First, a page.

In honor of Swivel going live, I decided to undertake a project graphing the sunrise and sunset times in both Montreal and Saskatoon to compare them (I threw the equator in for fun too). I actually learned a few interesting things that I had never known before.
Although the real Montreal time is the yellow one, I also made up one (the red one) to show how we would be if we didn’t have DST. Here are the interesting things that I learned while poring over these graphs:
- Assuming that the equator and all time zones centered around the equator are ‘normal’ time zones and those that are off centered are some sort of saving time zone; Saskatoon is in a constant DST mode! You can see that it is not centered around the equator time (as is the non-DST Montreal time).
- The date when the sun changes from rising later to earlier (Jan 2nd) does not correspond exactly with the day the sunset changes from setting earlier to later (Dec 10th) which also does not correspond exactly with the date when the amount of sun time changes from being shorter to longer (Winter Solstice – Dec 22nd). Solstice is in the middle of the two other dates though so that makes sense. Same funny behavior at the Summer Solstice.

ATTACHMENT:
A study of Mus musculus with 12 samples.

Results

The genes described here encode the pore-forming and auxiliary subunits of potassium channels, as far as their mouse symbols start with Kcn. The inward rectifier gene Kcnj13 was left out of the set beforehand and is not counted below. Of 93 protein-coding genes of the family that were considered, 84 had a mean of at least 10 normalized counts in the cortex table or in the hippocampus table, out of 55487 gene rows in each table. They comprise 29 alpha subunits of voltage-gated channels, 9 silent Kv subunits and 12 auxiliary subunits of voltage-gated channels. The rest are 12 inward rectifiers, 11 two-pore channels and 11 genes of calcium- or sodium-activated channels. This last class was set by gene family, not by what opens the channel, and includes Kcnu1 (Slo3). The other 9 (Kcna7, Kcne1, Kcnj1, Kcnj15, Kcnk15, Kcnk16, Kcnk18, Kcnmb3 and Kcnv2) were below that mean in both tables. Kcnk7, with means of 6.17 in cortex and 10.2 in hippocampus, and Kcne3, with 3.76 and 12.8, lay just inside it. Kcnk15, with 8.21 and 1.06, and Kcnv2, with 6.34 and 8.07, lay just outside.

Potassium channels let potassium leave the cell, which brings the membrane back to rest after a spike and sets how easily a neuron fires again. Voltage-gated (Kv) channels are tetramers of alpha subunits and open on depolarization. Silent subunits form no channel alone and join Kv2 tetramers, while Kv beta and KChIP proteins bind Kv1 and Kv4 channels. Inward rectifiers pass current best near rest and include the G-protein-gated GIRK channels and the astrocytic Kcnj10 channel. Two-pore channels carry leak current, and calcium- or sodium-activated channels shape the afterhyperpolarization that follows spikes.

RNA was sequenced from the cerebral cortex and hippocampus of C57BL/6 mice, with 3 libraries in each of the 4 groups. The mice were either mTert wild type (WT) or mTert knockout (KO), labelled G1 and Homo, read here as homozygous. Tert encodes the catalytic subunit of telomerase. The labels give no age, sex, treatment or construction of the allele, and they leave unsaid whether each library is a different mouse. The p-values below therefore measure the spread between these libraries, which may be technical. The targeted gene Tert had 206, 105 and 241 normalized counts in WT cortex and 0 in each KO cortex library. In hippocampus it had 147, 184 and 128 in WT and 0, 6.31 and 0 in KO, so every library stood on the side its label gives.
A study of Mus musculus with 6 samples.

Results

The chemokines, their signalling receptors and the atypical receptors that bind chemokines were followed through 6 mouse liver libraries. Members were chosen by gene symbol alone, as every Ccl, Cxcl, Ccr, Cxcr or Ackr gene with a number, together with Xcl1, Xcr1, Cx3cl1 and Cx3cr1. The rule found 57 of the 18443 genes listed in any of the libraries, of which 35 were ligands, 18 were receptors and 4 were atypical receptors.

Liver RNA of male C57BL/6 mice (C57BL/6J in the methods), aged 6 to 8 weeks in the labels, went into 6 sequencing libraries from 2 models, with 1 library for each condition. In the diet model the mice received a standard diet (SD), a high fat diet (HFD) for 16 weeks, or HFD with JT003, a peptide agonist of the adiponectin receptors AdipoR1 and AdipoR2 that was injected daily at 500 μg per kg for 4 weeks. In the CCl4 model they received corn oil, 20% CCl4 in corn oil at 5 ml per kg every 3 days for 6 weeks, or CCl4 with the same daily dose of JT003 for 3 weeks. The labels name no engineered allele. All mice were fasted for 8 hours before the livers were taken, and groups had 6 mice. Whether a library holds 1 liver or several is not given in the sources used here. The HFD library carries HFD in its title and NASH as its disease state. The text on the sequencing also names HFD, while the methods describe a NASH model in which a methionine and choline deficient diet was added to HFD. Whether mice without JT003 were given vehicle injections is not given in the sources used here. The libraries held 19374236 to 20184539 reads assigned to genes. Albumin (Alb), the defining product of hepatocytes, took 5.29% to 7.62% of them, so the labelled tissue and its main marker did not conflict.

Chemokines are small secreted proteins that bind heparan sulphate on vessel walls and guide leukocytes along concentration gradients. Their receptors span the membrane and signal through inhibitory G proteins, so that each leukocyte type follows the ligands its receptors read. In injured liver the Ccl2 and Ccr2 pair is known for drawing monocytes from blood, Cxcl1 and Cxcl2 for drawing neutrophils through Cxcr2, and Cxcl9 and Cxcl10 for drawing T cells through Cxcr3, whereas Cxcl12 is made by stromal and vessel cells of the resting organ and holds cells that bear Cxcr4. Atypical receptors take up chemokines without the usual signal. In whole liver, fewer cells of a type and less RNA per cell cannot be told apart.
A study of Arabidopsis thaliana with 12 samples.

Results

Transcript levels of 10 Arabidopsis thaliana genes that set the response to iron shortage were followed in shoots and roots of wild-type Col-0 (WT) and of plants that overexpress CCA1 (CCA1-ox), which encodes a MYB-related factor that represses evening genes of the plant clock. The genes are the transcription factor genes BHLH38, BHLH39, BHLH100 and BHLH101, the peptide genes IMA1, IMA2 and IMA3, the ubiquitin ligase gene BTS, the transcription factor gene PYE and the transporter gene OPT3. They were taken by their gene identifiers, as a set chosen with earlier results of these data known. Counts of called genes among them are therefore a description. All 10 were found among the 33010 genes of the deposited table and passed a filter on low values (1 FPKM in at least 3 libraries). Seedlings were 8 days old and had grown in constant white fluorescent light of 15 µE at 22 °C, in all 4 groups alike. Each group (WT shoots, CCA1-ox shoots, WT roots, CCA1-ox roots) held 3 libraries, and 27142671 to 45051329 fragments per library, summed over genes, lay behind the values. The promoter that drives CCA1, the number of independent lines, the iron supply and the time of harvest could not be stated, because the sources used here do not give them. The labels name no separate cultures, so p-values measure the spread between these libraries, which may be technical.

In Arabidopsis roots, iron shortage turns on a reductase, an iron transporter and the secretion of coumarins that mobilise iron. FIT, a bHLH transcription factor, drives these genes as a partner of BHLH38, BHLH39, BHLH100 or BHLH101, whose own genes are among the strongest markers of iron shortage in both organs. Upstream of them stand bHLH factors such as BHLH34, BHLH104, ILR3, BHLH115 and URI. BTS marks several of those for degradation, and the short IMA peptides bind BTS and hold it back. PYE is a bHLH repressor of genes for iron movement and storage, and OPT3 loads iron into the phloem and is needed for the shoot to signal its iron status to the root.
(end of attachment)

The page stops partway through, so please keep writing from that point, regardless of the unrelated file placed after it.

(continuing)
- I had just not thought about this one too much but I never understood exactly how DST works – this chart helped me to visualize it so I know what’s going on. So, in summer, DST lets us sleep one more dark hour in the morning and get an extra hour at night to play at the beach – fun!
OK, I think that’s all I learned for now. Source data for these graphs came from time and date.